Evening 2 – Update
When we last posted, we had not yet had dinner. It was magnificent: fresh buffalo
mozzarella, fish ravioli with fresh macerated tomatoes, salt-roasted duck
breast with mushrooms and fresh fennel, and crème brulee that puts the Hayes
Street Grill to shame – or perhaps better said, a different class. The custard in this dessert was
But this post is headed Day 3, so:
Having such a magnificent lingering meal posed a challenge
as the next day we had to be up early for our reservations at the Ufizzi. We discovered that it is cooler in
Florence if you leave the hotel before noon . . .
This advantage was lost upon entering the
Ufizzi as it is filled with people, many, many, stairs, and no climate
control. The art though quickly
removes any awareness of outside conditions as you become immersed in the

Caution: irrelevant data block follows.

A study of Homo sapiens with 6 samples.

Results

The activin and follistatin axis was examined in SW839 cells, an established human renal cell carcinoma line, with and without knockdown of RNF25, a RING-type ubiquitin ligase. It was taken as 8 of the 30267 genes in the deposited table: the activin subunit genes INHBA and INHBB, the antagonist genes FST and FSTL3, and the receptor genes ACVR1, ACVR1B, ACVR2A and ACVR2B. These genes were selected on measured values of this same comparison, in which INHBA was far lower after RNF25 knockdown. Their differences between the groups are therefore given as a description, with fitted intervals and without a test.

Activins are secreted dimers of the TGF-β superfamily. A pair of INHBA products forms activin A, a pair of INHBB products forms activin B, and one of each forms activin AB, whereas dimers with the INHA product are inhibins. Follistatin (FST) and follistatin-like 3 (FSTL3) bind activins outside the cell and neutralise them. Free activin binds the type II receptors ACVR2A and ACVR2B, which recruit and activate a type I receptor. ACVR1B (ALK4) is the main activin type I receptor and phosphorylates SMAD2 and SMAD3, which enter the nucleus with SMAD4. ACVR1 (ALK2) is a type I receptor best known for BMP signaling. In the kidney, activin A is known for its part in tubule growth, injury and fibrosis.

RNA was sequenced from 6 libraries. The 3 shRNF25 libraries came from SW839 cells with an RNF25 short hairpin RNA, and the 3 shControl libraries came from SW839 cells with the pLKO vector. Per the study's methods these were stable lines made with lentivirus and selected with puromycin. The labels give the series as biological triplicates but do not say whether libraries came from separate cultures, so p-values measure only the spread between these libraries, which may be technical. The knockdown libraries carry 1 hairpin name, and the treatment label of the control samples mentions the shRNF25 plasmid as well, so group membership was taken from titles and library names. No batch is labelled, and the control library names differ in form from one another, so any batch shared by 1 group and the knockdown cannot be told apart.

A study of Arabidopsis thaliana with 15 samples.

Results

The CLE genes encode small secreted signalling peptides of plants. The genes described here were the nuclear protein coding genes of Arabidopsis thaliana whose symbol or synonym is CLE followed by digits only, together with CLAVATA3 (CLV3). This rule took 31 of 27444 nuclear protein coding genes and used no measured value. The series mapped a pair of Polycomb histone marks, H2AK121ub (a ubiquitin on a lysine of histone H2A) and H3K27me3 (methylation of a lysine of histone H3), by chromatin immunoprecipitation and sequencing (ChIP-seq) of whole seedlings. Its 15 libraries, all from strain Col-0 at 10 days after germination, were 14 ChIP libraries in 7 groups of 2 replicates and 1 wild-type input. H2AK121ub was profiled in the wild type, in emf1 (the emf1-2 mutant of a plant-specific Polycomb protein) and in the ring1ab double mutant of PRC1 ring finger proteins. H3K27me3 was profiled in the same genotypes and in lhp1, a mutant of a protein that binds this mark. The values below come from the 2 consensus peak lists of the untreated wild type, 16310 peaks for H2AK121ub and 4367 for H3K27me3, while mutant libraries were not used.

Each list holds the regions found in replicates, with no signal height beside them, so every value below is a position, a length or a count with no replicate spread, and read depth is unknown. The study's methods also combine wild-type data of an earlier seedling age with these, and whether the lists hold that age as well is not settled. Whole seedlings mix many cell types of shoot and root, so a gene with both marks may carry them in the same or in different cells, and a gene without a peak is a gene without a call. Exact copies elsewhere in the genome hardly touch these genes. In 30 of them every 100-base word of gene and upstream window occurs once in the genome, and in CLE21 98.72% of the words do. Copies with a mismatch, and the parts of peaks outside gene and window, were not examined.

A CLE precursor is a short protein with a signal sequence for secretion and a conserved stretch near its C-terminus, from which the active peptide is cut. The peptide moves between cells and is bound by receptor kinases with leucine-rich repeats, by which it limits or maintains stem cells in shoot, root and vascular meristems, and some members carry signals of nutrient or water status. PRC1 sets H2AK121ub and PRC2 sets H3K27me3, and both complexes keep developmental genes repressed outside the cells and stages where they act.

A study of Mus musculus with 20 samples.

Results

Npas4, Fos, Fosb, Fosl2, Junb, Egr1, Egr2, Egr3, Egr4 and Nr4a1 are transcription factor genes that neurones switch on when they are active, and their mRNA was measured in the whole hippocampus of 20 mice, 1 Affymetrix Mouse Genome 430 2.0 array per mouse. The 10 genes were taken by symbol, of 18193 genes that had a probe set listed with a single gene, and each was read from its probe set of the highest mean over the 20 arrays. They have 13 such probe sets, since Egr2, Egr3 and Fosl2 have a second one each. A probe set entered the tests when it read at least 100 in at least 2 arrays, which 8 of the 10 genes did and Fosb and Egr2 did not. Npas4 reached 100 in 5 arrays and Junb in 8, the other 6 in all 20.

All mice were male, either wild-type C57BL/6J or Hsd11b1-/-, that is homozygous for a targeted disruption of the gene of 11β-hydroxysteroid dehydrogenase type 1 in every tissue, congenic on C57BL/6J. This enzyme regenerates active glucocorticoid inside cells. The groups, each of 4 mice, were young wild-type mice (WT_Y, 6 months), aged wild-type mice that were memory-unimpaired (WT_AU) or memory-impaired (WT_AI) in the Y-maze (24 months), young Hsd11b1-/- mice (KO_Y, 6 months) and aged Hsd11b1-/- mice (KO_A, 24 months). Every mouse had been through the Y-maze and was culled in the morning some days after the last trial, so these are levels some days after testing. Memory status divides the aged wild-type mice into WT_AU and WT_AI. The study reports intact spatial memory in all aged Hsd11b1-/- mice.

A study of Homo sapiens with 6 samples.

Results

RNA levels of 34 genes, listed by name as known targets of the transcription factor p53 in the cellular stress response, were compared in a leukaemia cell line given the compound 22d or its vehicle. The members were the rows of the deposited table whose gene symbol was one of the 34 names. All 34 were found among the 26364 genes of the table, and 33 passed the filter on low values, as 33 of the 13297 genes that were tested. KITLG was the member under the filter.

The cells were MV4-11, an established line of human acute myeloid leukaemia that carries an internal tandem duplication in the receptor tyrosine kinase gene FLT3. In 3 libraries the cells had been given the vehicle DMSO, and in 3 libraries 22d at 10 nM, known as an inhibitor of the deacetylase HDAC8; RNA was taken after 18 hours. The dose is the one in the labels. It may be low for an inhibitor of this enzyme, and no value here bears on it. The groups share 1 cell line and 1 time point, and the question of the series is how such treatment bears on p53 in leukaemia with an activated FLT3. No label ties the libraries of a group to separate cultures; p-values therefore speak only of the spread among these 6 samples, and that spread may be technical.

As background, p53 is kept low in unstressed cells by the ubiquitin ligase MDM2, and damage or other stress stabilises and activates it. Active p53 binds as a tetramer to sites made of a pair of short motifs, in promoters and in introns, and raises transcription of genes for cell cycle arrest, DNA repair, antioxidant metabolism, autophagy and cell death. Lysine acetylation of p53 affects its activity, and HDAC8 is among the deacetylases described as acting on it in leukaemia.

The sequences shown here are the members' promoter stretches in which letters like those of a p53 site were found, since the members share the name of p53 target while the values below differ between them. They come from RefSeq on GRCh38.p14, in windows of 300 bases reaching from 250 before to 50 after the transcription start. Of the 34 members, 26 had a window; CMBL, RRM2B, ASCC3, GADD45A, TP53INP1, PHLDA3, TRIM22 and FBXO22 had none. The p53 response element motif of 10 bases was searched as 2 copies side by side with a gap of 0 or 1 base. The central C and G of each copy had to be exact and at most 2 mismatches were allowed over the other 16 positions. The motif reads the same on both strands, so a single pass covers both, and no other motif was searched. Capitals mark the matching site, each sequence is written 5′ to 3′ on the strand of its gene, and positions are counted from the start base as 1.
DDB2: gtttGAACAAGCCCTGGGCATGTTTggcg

passions of artists and patrons past.
I prefer medieval works with simple forms and stark images and had much
to delight in as we wandered the first galleries. Technique becomes more and more refined and I found myself wondering how many more variations on Christ’s story I could stand and
there, like a breath of fresh air is Botticelli’s Venus – the first featured
woman who is not Mary or a saint.
Not that she is that racy – that come later with Titian. Still, it was great to get the variety
provided by the mythological subjects.
I wonder it the artists were feeling as confined by the subject matter
as was I?
Intending to wander back to the hotel we found ourselves
instead in the Bargello (I wondered if this was an LDS alternative to the
gelato bar but it was another
museum) with Donatello’s Davids including his first: as far as we know, it was
the first male sculpture made in over 1000 years! From there it was on to Santa Croce home of still more
frescoes (my favorites of the trip), and the tombs of Dante, Michealangelo, and
Galileo, inter alia. Santa Croce has the added benefit of cloisters with a bit
of green space. There are very few
trees or public squires in Florence except for the massive gardens associated
with the private palaces. While
the Town certainly does not want for civic pride, it all went in to churches
and art and not much in the way of open space.